Waste is the shadow side of the economy. Stripped of desire, it
weighs like a corpse around the necks of the living. It is placed in
black bags and transported, like the dead, to sites of exclusion - to
landfills and incinerators, the graveyards and crematoria in the kingdom
Recycling all plastic bottles
From the perspective of policy, waste has first and foremost been
seen as an issue of public health, something that needs to be removed
from society as quickly and cheaply as possible. What has developed in
response is a system of mass disposal, where household rubbish is
collected and disposed of as a single stream of mixed waste. Scale and
speed have been everything. Mass production has generated as its
counterpart mass waste.
Mass waste is not simply the discards of mass consumption. It also
comprises the waste generated at each phase of production, in mines or
fields, in factories and shops, all of which far exceed consumer waste.
In England, “producers” account for 91% of national waste.
With food, for every kilo we eat, ten kilos of waste is generated
along the food chain. For consumer goods the trail of waste can be much
greater. A car that weighs a tonne takes seventy tonnes of material to
produce. Waste is the leviathan of the modern industrial system.
Over the past thirty years there has been a growing recognition that
this system of extensive exploitation of the material world cannot be
sustained. It is not just a question of the profligate use of materials:
it is also the energy it takes to process the materials, and the ever
mounting problem of disposal.
In many countries the trigger for change has been political - the
opposition by local communities to extraction and logging at one end of
the chain, and to new landfills and incinerators at the other.
But what started as primarily a movement of resistance has turned
into a movement of alternatives.
The case is highlighted by organic waste. In England, we throw away a
third of all the food we buy. In the pre-modern period much of this
would have been composted or given to pigs and chickens. But urbanism
and food regulation broke this cycle and resulted in a double loss. Not
only did the land lose a major source of nutrients, but food waste was
concentrated in landfills where, coupled with garden and other organic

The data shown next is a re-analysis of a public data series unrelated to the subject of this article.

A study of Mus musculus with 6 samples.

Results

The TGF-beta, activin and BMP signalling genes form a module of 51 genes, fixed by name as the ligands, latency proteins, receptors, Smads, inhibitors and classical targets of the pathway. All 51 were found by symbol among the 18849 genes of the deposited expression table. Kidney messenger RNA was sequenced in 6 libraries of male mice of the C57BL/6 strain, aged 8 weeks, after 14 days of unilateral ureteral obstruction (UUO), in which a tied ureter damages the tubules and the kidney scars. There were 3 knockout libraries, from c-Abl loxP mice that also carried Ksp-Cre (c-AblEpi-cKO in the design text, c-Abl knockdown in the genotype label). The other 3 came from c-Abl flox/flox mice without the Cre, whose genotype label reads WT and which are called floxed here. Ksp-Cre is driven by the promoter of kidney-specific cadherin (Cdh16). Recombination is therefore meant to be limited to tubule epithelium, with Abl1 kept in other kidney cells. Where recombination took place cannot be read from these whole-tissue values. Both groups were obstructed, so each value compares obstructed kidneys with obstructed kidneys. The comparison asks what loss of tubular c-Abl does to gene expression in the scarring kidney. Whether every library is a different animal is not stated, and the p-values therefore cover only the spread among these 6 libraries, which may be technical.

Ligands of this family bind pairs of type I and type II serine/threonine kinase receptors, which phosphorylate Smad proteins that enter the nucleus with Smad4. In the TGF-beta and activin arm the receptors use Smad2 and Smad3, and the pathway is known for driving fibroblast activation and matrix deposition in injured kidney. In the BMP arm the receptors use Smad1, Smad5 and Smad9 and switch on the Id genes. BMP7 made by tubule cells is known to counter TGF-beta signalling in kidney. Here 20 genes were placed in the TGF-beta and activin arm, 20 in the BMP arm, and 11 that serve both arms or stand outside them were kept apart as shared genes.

waste, it became a significant contributor to climate change.
A truck dumping garbage
However, as evidence grew about soil degradation and erosion, the
environmental impact of artificial fertilisers, and the potential role
of compost-improved soils for the prevention of flooding and for the
sequestration of carbon, the pressure rose to restore the biological
cycle. In the UK, a community composting movement grew up.
Municipalities encouraged home composting and introduced “green”
collections. By 2003, 2 million tonnes of organic waste were being
composted at 325 facilities nationwide.
Industrial composting systems are now well established in the
Netherlands and Germany.
But the most striking model has been developed in Italy.
Municipalities found that making a separate collection of food waste
from households and restaurants and encouraging home composting meant
that they could both create marketable compost and keep organic waste
out of mainstream disposal. Instead of the big black plastic bag, they
introduced small, transparent, biodegradable bags, which could be
collected by small electric vehicles and composted close by. A local
biological cycle was restored.
Visibility is everything
In the Italian model, food waste was made separate and visible.
Visibility is everything if food waste is to be transformed into a
useful material. The same holds true for other waste. The moment waste
is removed from the dustbin into the light, it becomes clear that, like
food, much of what had been discarded as waste is potentially a source
of value: recyclers in cities now refer to waste as “urban mines”.
More than that, much so-called waste embodied what is called “grey
energy” - the energy used in every stage of production. By the early
1990s, the five leading non-food materials in the Western domestic waste
stream - paper, cardboard, steel, aluminium and glass - were found to
account for two-thirds of industrial electricity use in the US. Rescuing
these materials from disposal has meant that the energy needed to
manufacture from virgin materials is no longer required.
So, alongside the restoration of biological cycles, there has been a
parallel move to restore material cycles, thereby preserving the value
of the materials, the energy, and the work embodied in the discarded
commodities. It is a question not just of recycling, but of “upcycling”:
finding ways in which the qualities of the discards can provide more
valuable inputs in their next life (crushed bottles as water filters,
for example, or old tyres into basketball court surfaces). As with food,
the perspective involves a shift from the linear model of mass waste to
a circular model that conserves value and resources.
The critique of traditional waste systems and the development of
alternatives has been led by community and environmental movements.